Learn which plants thrive in your Hardiness Zone with our new interactive map!

How to Save a Dying Indoor Lucky Bamboo Plant

By Darcy Logan ; Updated September 21, 2017
A healthy looking lucky bamboo plant.
bamboo image by Alice Becet from Fotolia.com

If your lucky bamboo plant has suddenly lost its luck, don't worry because you may still be able to save this resilient plant. Lucky bamboo plants are not actually bamboo plants, but a member of the lily family, Dracaena sanderiana. If your plant leaves have begun to turn yellow or brown, it has begun to die. You may not always be able to save it, but there are some things you can try before you give up hope.

Replace the water in the container with distilled water. If your lucky bamboo is potted, rinse out the soil by watering it thoroughly until water runs all the way through the soil or repot the plant in fresh soil. One of the most common causes for yellow leaves is watering with heavily chlorinated or fluoridated water. Continue to water with distilled water. If you must use tap water, leave it out overnight, which reduces the chlorine (but not the fluoride) content in the water.

Move the plant to a different location, away from drafts. Lucky bamboo prefers areas with a temperature between 45 and 90 degrees Fahrenheit. Avoid areas with sudden temperature changes caused by open windows or doors, furnace ducts, stoves and similar items.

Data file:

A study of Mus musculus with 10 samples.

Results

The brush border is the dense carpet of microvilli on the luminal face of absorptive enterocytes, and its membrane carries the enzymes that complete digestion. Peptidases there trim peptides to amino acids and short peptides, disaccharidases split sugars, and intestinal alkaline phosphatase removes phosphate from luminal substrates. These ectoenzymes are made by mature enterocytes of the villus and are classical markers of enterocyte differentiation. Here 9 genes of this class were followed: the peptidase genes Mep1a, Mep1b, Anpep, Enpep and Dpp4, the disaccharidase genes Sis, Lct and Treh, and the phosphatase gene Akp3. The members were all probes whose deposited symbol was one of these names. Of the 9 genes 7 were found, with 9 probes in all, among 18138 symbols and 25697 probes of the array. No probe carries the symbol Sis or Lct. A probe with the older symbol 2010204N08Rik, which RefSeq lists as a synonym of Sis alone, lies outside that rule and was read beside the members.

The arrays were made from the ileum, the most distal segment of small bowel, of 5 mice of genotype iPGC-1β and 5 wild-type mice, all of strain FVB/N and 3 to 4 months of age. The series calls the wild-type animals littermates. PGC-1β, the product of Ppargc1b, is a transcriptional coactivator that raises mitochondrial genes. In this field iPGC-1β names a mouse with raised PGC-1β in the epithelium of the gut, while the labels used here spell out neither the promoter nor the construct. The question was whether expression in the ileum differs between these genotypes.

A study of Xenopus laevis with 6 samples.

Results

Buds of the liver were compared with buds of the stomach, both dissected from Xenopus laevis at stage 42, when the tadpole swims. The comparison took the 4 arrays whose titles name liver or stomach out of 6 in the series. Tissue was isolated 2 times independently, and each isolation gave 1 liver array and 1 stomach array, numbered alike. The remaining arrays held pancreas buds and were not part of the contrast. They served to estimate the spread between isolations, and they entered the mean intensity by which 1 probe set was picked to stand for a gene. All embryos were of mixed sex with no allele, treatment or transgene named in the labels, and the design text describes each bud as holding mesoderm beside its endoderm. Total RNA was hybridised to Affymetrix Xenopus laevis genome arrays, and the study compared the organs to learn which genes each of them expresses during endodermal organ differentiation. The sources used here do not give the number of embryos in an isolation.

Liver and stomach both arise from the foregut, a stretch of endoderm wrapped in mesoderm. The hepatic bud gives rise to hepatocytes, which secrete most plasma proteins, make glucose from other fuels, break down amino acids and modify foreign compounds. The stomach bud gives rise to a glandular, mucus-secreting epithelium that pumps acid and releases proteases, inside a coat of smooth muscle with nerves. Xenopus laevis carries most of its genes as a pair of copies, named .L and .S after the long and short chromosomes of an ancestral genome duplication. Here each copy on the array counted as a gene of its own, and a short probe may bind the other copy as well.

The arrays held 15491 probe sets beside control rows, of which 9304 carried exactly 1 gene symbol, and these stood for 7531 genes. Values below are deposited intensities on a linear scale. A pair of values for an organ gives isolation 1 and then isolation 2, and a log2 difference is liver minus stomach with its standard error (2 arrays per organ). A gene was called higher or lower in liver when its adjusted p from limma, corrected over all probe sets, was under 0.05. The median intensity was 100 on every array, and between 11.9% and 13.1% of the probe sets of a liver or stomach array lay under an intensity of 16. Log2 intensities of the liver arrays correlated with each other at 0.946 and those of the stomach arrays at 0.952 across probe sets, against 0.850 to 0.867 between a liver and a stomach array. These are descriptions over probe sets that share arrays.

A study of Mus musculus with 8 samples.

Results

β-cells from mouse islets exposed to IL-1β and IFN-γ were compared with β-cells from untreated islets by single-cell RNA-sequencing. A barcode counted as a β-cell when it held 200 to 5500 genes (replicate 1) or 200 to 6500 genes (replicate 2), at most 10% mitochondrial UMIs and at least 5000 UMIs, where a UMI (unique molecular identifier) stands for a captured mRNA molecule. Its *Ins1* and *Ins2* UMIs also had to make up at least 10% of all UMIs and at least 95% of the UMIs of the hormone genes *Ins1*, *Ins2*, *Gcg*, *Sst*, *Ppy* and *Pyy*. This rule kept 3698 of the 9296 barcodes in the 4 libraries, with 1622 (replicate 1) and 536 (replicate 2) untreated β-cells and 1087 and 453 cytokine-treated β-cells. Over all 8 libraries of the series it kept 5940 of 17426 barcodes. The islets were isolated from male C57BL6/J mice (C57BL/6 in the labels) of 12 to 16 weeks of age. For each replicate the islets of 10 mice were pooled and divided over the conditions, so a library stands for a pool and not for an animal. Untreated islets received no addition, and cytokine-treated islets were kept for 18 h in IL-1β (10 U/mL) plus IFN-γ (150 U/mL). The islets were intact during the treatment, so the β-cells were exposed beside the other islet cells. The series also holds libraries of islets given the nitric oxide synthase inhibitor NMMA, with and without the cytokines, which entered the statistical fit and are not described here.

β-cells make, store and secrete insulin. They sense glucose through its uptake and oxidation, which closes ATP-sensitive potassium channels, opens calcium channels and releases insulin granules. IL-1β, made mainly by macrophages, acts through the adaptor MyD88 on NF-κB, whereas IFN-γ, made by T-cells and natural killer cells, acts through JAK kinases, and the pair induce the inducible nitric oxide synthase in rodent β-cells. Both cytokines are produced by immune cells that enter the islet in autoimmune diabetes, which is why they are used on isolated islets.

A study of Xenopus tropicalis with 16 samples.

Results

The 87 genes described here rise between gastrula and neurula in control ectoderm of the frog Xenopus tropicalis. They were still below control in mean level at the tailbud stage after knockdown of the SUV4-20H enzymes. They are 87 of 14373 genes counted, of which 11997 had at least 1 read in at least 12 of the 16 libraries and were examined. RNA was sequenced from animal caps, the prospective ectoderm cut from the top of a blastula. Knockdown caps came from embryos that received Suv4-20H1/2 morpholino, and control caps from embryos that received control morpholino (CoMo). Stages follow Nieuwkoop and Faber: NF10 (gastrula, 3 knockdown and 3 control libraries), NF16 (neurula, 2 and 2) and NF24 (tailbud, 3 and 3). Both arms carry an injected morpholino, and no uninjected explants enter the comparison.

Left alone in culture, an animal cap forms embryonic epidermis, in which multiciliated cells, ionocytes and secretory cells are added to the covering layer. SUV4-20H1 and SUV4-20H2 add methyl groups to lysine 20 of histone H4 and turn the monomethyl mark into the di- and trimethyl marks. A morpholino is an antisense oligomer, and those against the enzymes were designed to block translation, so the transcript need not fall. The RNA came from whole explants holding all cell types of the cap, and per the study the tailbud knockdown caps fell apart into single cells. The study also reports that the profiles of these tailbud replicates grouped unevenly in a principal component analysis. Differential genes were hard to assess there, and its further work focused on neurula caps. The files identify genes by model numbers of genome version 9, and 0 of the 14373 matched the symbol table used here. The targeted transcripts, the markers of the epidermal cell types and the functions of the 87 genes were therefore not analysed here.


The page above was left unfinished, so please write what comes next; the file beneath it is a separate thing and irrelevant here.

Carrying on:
Reduce the plant's exposure to sunlight. While lucky bamboo prefers bright filtered light, it will suffer sunburn when exposed to direct sunlight.

Spray your plant with an insecticide designed to kill mealy bugs or spider mites if you find signs of these two common pests of lucky bamboo. If you see small cotton balls on your plant, you probably have a mealy bug problem. If you see small webs, it is probably spider mites.

Clean the leaves and stalk with a damp cloth. This removes dust that may be "choking" your plant. It will also clean of any fungus or rot that may be developing on the top of your plant.

Trim off any yellow or brown areas of the leaves with a sharp scissors. If the stem is dying, you can try trimming off that portion of the stem. Your other option is to remove the sprouts from the stem and place them in water. The sprouts may develop roots and begin to grow a new stem.


Things You Will Need

  • Distilled water
  • Sharp scissors
  • Insecticide
  • Damp cloth

About the Author


Darcy Logan has been a full-time writer since 2004. Before writing, she worked for several years as an English and special education teacher. Logan published her first book, "The Secret of Success is Not a Secret," and several education workbooks under the name Darcy Andries. She received her Bachelor of Arts in English and Master of Arts in special education from Middle Tennessee State University.